Launch Slideshow


Risk-based budgeting





By: Mike Matichich

Vital statistics

WHO: Upper Occoquan Service Authority (UOSA), Centreville, Va.
SIZE OF TREATMENT WORKS: 54 mgd
SERVICE AREA POPULATION: 275,000
2010 OPERATING BUDGET, INCLUDING DEBT SERVICE: $61 million
CAPITAL BUDGET THROUGH 2021: $437 million


The Upper Occoquan Service Authority (UOSA) was formed in the 1970s to treat wastewater for four jurisdictions in the Occoquan Watershed, a rapidly growing suburban area 25 miles west of Washington, D.C. Originally 15 mgd, the facility was expanded in 1989, 1995, and 2005.

In addition to keeping the facility in sound working order, the operation's capital improvement program must address mandates that include further expansion of the delivery system and a nutrient-reduction program designed to protect and restore the Chesapeake Bay. With some assets nearing the end of their reliably useful lives, in 2008 the authority embarked on an asset management program to guide decisions regarding renewal and replacement.

ASSET HEALTH AND OPERATIONAL CULTURE

Recognizing that tight economic times require investments to be highly targeted, managers adopted a risk-based approach for allocating resources. “The recession put significant strain on our capital budget,” says Executive Director Chuck Boepple. “We conducted these evaluations to make sure that we use our customers' dollars wisely, focusing renewal and replacement dollars on the assets whose failure would pose the greatest risks in accomplishing our mission.”

Documents such as Implementing Asset Management — A Practical Guide, published by the Association of Metropolitan Water Agencies, the National Association of Clean Water Agencies, and the Water Environment Federation in 2007, provide the starting point for assessing risk elements. But it's equally critical that the evaluation framework also represent the values, priorities, target service levels, and data situation of the specific agency.

We convened three workshops over two months with employees who were familiar with the authority's assets, mission, and vision. Using a 10-point scale, they identified individual components, assigned a weight to each, and defined how the contribution to failure should be scored for each asset or asset group.

Health & Safety and Permit Compliance were given the most weight in evaluating the consequence of failure. For the former, even minor injuries with no lost time were considered a moderate “consequence” outcome. For the latter, the asset had to cause chronic permit violation or result in pending enforcement action to receive the most severe rating.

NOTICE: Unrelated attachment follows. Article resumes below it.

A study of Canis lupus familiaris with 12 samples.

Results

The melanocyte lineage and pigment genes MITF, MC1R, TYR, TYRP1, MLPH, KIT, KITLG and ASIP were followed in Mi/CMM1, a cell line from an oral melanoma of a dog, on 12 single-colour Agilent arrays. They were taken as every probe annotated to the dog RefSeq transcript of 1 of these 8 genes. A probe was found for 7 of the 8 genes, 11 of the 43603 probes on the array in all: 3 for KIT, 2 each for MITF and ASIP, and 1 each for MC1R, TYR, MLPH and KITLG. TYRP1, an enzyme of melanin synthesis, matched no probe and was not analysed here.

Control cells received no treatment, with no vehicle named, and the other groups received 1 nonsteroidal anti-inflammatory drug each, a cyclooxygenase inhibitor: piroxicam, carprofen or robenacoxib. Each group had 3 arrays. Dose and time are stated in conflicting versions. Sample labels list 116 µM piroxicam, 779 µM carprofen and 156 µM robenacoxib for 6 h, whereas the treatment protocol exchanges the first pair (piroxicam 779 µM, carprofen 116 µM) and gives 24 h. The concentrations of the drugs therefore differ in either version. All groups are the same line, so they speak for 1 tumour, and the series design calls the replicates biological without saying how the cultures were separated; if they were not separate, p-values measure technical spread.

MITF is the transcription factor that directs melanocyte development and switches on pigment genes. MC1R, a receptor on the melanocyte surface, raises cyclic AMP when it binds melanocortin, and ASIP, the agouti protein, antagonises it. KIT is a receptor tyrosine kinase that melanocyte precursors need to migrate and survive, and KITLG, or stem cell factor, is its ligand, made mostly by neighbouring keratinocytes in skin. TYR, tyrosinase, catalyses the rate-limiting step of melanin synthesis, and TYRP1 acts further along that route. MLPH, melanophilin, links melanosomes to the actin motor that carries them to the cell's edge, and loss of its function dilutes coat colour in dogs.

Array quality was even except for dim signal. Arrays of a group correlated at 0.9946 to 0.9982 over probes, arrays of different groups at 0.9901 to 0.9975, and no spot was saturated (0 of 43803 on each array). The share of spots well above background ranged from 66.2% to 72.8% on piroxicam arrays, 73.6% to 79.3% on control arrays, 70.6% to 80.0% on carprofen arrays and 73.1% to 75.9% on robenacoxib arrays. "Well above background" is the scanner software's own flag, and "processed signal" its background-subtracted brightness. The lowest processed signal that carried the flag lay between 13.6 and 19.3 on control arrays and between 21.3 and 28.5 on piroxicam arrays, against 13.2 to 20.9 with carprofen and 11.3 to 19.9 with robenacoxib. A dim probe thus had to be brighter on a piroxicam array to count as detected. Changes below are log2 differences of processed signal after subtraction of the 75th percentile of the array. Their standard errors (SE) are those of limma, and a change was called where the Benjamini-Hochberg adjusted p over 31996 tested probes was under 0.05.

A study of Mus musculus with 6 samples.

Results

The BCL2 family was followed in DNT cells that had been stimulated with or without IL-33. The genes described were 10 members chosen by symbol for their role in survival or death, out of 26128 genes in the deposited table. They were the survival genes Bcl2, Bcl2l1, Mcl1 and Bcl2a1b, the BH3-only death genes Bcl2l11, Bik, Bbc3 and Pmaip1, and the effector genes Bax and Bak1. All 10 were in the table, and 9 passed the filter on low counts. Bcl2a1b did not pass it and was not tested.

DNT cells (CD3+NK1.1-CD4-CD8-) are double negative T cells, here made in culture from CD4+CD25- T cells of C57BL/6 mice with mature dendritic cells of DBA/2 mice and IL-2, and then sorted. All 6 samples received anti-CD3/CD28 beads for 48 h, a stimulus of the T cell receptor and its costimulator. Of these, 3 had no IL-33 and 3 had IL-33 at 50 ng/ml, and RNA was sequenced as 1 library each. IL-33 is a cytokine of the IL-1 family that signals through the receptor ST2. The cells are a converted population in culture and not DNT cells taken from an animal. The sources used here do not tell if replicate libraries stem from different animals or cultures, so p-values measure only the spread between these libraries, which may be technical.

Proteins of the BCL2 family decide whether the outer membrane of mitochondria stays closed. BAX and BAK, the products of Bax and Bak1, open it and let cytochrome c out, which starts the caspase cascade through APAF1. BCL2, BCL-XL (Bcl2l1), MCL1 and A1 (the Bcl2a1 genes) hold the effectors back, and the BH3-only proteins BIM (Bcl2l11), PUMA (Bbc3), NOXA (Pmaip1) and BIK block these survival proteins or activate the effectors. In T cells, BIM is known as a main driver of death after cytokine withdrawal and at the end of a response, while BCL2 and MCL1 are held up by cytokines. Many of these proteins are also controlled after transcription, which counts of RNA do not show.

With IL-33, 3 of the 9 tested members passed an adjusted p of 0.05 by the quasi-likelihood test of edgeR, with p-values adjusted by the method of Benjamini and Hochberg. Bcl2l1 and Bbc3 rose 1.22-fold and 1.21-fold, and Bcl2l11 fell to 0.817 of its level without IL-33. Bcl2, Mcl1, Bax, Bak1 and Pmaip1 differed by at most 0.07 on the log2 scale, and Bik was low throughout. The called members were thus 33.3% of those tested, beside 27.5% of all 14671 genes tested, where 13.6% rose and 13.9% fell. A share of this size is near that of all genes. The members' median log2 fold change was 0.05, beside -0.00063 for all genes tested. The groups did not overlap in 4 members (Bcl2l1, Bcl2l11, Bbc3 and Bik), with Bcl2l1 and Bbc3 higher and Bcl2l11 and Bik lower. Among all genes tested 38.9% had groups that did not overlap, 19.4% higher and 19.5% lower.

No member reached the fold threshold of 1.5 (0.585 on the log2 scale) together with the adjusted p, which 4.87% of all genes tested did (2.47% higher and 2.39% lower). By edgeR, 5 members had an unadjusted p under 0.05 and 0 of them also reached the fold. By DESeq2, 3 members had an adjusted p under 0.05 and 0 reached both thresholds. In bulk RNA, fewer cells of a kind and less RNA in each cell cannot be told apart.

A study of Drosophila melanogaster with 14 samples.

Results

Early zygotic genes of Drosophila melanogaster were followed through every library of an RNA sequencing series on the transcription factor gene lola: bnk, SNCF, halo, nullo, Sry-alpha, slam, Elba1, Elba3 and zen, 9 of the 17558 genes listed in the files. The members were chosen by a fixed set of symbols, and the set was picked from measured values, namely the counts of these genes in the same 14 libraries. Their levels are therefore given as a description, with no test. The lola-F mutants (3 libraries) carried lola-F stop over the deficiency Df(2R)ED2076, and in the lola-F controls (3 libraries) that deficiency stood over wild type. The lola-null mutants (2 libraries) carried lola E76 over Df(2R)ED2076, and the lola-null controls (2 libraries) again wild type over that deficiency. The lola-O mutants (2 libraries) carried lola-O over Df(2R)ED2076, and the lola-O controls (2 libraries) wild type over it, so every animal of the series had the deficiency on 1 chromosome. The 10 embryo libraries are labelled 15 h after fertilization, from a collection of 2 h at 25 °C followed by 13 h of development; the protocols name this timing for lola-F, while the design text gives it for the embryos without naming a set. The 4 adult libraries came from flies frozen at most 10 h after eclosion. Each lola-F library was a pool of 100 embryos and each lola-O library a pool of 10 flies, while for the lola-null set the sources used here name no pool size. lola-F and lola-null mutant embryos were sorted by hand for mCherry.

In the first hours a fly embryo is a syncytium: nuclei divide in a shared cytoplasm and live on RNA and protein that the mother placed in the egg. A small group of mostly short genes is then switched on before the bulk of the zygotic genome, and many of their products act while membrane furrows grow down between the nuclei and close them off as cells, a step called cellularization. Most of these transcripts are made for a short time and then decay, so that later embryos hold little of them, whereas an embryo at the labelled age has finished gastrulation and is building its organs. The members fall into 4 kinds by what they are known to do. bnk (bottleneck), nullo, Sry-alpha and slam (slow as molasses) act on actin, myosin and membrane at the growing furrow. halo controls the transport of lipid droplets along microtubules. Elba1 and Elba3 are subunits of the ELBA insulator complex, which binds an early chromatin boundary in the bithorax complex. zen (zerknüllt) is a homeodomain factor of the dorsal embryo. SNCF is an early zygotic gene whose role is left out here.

As for assessing the likelihood of an asset failing, Physical Condition emerged as the most significant factor. But — and this is very important — Performance and Repair History were also regarded as significant considerations.

Because of the importance of physical condition to the risk equation, the authority assessed the condition of key assets. Over eight weeks, 1,912 pieces of mechanical and electrical equipment, pumps, and instrumentation, as well as facility infrastructure such as roofs and concrete, were inspected and rated. Six experienced operations employees evaluated the assets while a group of design engineers focused on plant infrastructure.

Before arriving onsite, authority managers gave the latter a list of assets from their enterprisewide JD Edwards maintenance management system. The evaluation team worked with authority employees to refine the database for field use and limit the evaluation to older assets. To more closely evaluate the condition of relevant architectural, structural, electrical, and building services components for the facilities being evaluated, though, several “new” assets, such as roofs, building skins, and HVAC equipment, were included as well.

The completed questionnaire was loaded onto handheld tablet computers for use by the field teams. The information gathered in the field was then loaded into our proprietary asset-condition evaluation system (ACES) software using the authority's existing equipment identification numbers so condition-assessment information could be transferred back into its maintenance management system upon project completion.